I have been thinking a significant amount, lately, about my decision to raise my female children with the cultural expectation that they will, around the age that they begin to experience pubescent growth, be thrown a "Red Party."
This has become rather like a tenant of my Humanist "faith." I believe that coming-of-age is a time of our lives that nearly every human culture acknowledges and celebrates in some meaningful way.
As I have had my own experiences of becoming a "female adult" within the culture of my youth, and I have observed the experiences of other females "becoming adults" within the differing cultures of their youths, as a Humanist Minister I have thought a great deal about the culture of "coming of age" that I would like to create for my own children someday.
Let me first describe, at least in part, my vision of a "Red Party."
This will be a planned event (likely prepared for six months to one year before it takes place) where every female-identified human that the young girl chooses to attend, is invited.
Every attendee wears Red, in some form, which symbolizes the beginning of the young girl's adolescent journey into womanhood, and shows support of everything the color Red symbolizes (blood, life, love, passion, beauty, etc.).
The "female-identified attendees" may be of absolutely any age, birth through death. They may be the girl's younger siblings, nieces, cousins, friends, or classmates . . . they may herald from the siblings, nieces, cousins, classmates, friends, peers, or co-workers of other girls or women that she knows.
The primary concern is that these are the individuals from whom the girl who is coming-of-age would be interested to hear advice about "what it means to be a woman."
This is a Red Party! A Celebration of Womanhood!
No matter the ages of the attendees, each individual is expected to wear red, to bring something symbolizing womanhood, and to offer some token or type of advice pertaining to how to be a woman.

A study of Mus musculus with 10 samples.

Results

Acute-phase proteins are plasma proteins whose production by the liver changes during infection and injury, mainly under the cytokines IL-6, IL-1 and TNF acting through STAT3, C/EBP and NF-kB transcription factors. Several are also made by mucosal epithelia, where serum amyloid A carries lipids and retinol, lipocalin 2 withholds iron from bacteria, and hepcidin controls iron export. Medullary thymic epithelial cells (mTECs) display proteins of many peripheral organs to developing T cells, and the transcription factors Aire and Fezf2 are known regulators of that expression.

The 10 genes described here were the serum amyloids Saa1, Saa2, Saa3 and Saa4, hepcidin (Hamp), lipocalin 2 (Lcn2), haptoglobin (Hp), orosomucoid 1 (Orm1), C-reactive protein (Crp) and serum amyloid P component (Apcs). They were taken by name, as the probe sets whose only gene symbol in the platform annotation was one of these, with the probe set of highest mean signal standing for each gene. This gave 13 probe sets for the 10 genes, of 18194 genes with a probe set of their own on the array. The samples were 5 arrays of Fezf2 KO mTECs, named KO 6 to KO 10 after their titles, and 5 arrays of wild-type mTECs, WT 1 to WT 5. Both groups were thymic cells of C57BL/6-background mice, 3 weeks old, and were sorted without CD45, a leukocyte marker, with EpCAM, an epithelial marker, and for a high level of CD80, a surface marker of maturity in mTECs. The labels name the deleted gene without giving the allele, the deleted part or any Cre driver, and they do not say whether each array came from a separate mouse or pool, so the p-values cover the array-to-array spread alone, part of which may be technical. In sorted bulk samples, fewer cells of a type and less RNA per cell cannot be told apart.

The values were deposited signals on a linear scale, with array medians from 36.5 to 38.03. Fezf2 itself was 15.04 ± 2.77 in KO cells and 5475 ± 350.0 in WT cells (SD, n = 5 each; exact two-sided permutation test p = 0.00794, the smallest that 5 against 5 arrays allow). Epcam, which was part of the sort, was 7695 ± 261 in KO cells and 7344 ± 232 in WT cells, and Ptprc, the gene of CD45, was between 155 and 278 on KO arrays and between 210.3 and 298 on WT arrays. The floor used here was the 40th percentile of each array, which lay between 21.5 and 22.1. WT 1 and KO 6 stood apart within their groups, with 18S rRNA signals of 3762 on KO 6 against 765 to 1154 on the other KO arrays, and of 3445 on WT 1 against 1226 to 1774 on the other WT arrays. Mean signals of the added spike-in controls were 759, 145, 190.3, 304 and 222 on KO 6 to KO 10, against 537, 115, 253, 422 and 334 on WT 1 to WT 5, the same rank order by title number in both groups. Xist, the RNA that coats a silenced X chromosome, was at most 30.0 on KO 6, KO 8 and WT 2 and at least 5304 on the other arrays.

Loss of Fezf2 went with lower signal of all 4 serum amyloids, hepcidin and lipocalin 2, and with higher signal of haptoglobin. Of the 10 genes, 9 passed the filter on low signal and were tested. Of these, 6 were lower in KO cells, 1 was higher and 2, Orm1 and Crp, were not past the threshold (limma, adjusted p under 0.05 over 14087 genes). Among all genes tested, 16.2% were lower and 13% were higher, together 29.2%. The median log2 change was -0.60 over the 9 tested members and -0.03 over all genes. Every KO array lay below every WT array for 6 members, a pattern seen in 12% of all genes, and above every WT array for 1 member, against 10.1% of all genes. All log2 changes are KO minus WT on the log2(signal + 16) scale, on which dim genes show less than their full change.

My own vision of what this event would entail is that the women preparing the party (likely the mother(s), aunt(s), sibling(s), cousin(s), and/or friend(s)) would prepare every type of food for the evening that is reminiscent of womanhood . . . they would bake bread, prepare their favorite dinner dish (casserole? meatloaf? pasta? salad?), and enlist each other attendee to the party to bring a dish, side, dessert, or drink that is reminiscent of womanhood to that person.
As the Red Party begins, guests arrive and share what they have brought to contribute to the meal, and why. As the meal progresses, once every invited guest has arrived, a toast is proposed (likely by the woman/women organizing the event) -- the young girl is given a virgin version of a "Red Party" drink that all the other women are enjoying, and the young girl gives the first toast!
She toasts to something that she loves about being a young woman, or something she looks forward to about becoming a woman. The meal & drinks continue, and each female-identified girl or woman in attendance shares a story/experience/piece of advice, and proposes a toast in honor of the young woman who is coming of age. They are all encouraged to share something about being a woman, and/or something about how the color Red is related to being a woman.
Finally, the main vision that I have regarding the purpose and cultural importance of this "Red Party," is that the young woman who has "come-of-age," and who is being honored and celebrated at this party, will have the opportunity to ask any and every question that she may have about "womanhood."
If she has any questions about how to deal with "getting a period," or how to interact with her peers (male, female, gender-queer, etc.), this is her ultimate chance! She can ask younger friends or family members what they perceive to be the "most important" things about being a "woman." And she can ask older friends or family members what they perceive to be the "most important" things about being a "woman!"
This is her coming-of-age occasion. The time of her life when she will be surrounded by girls & women she loves, who will bring her food & shower her with gifts, and openly and honestly consider & answer any question she may have!
So, now that I have described my vision for a "Red Party" for young women, we come to the reason I am asking -- even begging! -- for input, please, on this post!
Especially, input from boys, young men, and male-identified adults!
I realize that I am a woman, and have identified and accepted myself as a girl or young woman since at least the age of three! So I feel quite qualified and comfortable crafting a coming-of-age celebration for women, identifying as a woman myself.
And so, the primary question that I have is: How would Male-Identified youth prefer or desire to celebrate and/or acknowledge their unique coming-of-age experience(s)?